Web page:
The findings of an open records request to Milwaukee Police Department, Milwaukee County Sheriff's Office, and the Wisconsin State Patrol shows how and where guns have gone missing. Photo via FOX6 (Credit Meghan Dwyer)
The findings of an open records request to Milwaukee Police Department, Milwaukee County Sheriff’s Office, and the Wisconsin State Patrol shows how and where officers’ guns have gone missing. Photo via FOX6 (Credit Meghan Dwyer)

 

Back in December, Milwaukee Police Chief Edward Flynn voiced what he thought was the root of his city’s violence: Wisconsin’s concealed carry law.

“Since that law has passed, almost every single year, the number of crime guns seized by this department has gone up and the time-to-crime on our most frequently used weapons has decreased,” Flynn stated. “Now that’s correlation not causation, but it’s a pretty strong correlation.”

Perhaps he should stop worrying about us, the law-abiding citizens of Wisconsin, and focus on his own department.

Fox6 Milwaukee has obtained an open records report

An open records request submitted to the Milwaukee Police Department, Milwaukee County Sheriff’s Office, and the Wisconsin State Patrol shows 27 weapons, including guns, tasers and pepper spray have been lost or are missing.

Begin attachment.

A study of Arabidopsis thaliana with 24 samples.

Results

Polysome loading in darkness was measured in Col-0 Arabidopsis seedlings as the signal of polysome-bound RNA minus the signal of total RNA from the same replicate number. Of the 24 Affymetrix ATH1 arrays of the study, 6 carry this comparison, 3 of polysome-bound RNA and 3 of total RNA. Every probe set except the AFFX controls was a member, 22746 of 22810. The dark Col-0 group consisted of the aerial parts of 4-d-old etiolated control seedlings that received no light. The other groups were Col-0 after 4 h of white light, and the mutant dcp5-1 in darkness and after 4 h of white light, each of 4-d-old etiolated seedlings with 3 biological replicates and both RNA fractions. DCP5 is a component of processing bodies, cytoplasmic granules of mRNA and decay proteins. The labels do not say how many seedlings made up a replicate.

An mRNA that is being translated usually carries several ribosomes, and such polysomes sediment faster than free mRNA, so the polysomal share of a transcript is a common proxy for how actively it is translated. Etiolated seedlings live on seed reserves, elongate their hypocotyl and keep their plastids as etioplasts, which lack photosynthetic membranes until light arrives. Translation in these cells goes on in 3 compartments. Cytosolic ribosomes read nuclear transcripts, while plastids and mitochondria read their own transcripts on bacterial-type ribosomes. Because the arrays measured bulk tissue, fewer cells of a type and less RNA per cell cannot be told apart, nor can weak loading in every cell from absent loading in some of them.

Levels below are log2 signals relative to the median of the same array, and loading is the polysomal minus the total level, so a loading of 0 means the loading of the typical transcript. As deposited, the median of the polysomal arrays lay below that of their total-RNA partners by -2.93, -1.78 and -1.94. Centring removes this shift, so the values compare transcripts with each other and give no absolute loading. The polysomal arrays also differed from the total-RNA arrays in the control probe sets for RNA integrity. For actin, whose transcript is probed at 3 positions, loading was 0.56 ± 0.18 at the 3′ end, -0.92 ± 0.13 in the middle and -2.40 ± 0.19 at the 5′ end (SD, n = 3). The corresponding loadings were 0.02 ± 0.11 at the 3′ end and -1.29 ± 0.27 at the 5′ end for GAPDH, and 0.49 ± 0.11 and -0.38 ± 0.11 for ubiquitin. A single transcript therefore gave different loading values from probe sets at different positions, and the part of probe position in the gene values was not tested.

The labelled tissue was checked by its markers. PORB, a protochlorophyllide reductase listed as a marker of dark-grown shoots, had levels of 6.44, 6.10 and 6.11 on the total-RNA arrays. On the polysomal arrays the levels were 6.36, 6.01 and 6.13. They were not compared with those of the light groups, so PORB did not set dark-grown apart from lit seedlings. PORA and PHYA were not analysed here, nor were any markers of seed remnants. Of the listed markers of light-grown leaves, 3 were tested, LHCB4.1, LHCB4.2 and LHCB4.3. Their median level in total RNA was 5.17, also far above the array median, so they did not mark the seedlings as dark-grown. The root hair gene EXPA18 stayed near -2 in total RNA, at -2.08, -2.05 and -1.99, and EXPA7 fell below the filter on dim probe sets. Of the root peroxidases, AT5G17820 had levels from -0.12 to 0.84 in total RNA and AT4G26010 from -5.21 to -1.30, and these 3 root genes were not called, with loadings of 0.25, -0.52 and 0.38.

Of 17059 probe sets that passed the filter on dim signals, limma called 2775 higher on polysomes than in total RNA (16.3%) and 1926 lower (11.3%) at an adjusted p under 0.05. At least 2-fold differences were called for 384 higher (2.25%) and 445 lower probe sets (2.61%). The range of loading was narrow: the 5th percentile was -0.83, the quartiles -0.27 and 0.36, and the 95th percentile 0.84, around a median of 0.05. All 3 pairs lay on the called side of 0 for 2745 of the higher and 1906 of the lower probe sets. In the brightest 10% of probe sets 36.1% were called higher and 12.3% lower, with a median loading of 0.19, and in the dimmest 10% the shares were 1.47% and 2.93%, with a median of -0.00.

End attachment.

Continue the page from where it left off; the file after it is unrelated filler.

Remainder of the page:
Police officers accidentally left their guns everywhere — from the hood of their car to the back of a toilet, according to the records.

One officer, while on a hunting trip, accidentally placed his gun on the hood of his truck and drove away, not realizing his weapon had fallen off. He retraced his steps in the forest, but never found the gun.

Other officers secured their guns in the trunk of their cars while they went to get a drink after work, and their cars were broken into.

“I wanted to do the right thing and not carry my weapon on my person where I was going to the tavern to have an alcoholic beverage with my friend. I thought I was securing my weapon in the trunk of my car in a highly well lit area,” one officer said.

“One of the nightmares that law enforcement officers often have, whether awake or asleep, is that their firearm is taken and they or their partner is killed with it,” says Jeff Smidt, a retired 32-year veteran of the Waukesha County Sheriff’s Department.

Smidt is now a training coordinator for the new Wisconsin Firearms Training Center. He teaches people about gun safety and the importance of securing your weapons.

“All firearms should be secured — but because the nature of the business, you find that you’re carrying your weapon off duty quite frequently. Law enforcement officers can be victims of crime as well. Just because they have a badge on doesn’t mean they’re not going to be victimized,” Smidt said.

Fox6 Investigation

So far, police believe only one gun has been linked to any crime. That gun, which was stolen from an undercover Milwaukee police vehicle, was allegedly used in “a lot of downtown Milwaukee robberies”.

Even if it was only used in one robbery in downtown Milwaukee, that’s still one more crime than has been committed by concealed carry permit holding Wisconsin residents. Making Ed Flynn more responsible for crime in Milwaukee than concealed carry permit holders. Of course, that’s correlation not causation, but it’s a pretty strong correlation.